ACDE members articulated their agreement to act together for the advancement of public education in Canada through the General Accord. The General Accord, which was unanimously ratified, represents agreement among ACDE members to work together to provide a meaningful, influential, and positive voice for education in Canada. The document outlines a series of shared commitments and values relative to education, as well as the ongoing relationship among ACDE members. The partnership vision of the General Accord includes the development of a series of agreements on principles in specific areas of interest to ACDE.
ACDE members created the Accord on Initial Teacher Education as a response to perceived attacks on publicly funded, university-based, professional teacher education in the name of, and for the sake of, the public good and the public interest. The Accord, now called the Accord on Teacher Education, was fully revised in 2017 to reflect the changing context of teacher education in Canada. The Accord asserts that teacher education programs should involve the development of situated practical knowledge, pedagogical knowledge, and academic content knowledge, as well as an introduction to research and scholarship in education. As such, initial teacher education programs should be situated in a university context in order to allow for the meaningful interaction of teacher candidates with research-oriented faculty, and to promote awareness of the interconnected nature of theory, research, and practice in the profession.
ACDE recognizes that it has a role and responsibility to expand educators’ and the public’s knowledge about and understanding of Indigenous education. ACDE’s vision is that Indigenous identities, cultures, languages, values, ways of knowing, and knowledge systems will flourish in all Canadian learning settings. In writing the accord, ACDE asserts its support for a socially just society for Indigenous people.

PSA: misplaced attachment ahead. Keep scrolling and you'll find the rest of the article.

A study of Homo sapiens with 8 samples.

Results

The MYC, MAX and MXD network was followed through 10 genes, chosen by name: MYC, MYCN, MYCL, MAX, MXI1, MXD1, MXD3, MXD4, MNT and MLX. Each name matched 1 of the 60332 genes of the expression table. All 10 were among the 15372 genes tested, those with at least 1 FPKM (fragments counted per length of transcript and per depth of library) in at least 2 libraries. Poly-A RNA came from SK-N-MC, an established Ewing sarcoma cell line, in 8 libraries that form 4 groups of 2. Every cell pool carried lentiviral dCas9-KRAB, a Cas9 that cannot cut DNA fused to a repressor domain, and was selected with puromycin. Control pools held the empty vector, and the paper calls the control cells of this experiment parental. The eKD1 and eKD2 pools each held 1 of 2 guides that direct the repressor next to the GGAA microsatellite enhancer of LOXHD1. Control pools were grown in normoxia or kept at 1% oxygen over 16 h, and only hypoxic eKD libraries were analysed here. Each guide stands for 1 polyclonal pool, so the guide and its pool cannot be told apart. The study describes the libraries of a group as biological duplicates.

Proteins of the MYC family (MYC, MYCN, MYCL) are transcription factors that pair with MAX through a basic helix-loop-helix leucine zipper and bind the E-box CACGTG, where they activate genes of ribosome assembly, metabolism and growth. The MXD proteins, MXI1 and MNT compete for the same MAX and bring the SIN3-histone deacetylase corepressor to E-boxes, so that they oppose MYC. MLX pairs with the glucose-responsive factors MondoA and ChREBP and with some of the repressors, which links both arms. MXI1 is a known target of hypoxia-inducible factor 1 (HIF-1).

The Accord on Research in Education contextualizes and advances the research conducted by faculties of education for and with schools, communities, and educational partners. ACDE members believe that educational research is about improving what is at the core of education—learning in and out of schools and across the lifespan. With its relationship with everyday life, educational research aims to unearth and elucidate skills, strategies and attitudes needed to address the frontiers of day-to-day learning.
Policy makers and the public are becoming more aware of the importance of the early learning years in shaping the quality of children’s lives both in school and beyond. However, the quality and availability of early learning opportunities still vary considerably across Canada. The Accord seeks to address the uneven provision of quality early learning experiences by promoting improved, better connected education for preschool and elementary children.
Increasing international mobility has facilitated the rapid internationalization of higher education, straining the capacity of institutions to respond to service demands in ways that are socially accountable. Canada was ranked the 7th most popular country for international students, with nearly 337,000 studying in Canada in 2014. This Accord addresses concerns about ethical and responsible internationalization by setting out guidelines for principled international educational practices within Canadian universities.
International engagements provide many benefits, along with related challenges:
The Accord presents five principles for ethical engagement in international activities:
With the unprecedented crises resulting from climate change, such as melting sea ice, wildfires, desertification in Africa, rising sea levels and extreme weather events, we are running out of time to address the human-linked environmental threats to our planet. As a species we need to review our use of the world’s resources to address overextraction and over-harvesting and promote regeneration. We have the capacity to enact hope: to make different choices about how we live and work in consideration of our individual and collective environmental footprint. As Canadian Deans of Education, we have an ethical responsibility for the fate of those at the margins who are more vulnerable to the threats from environmental degradation.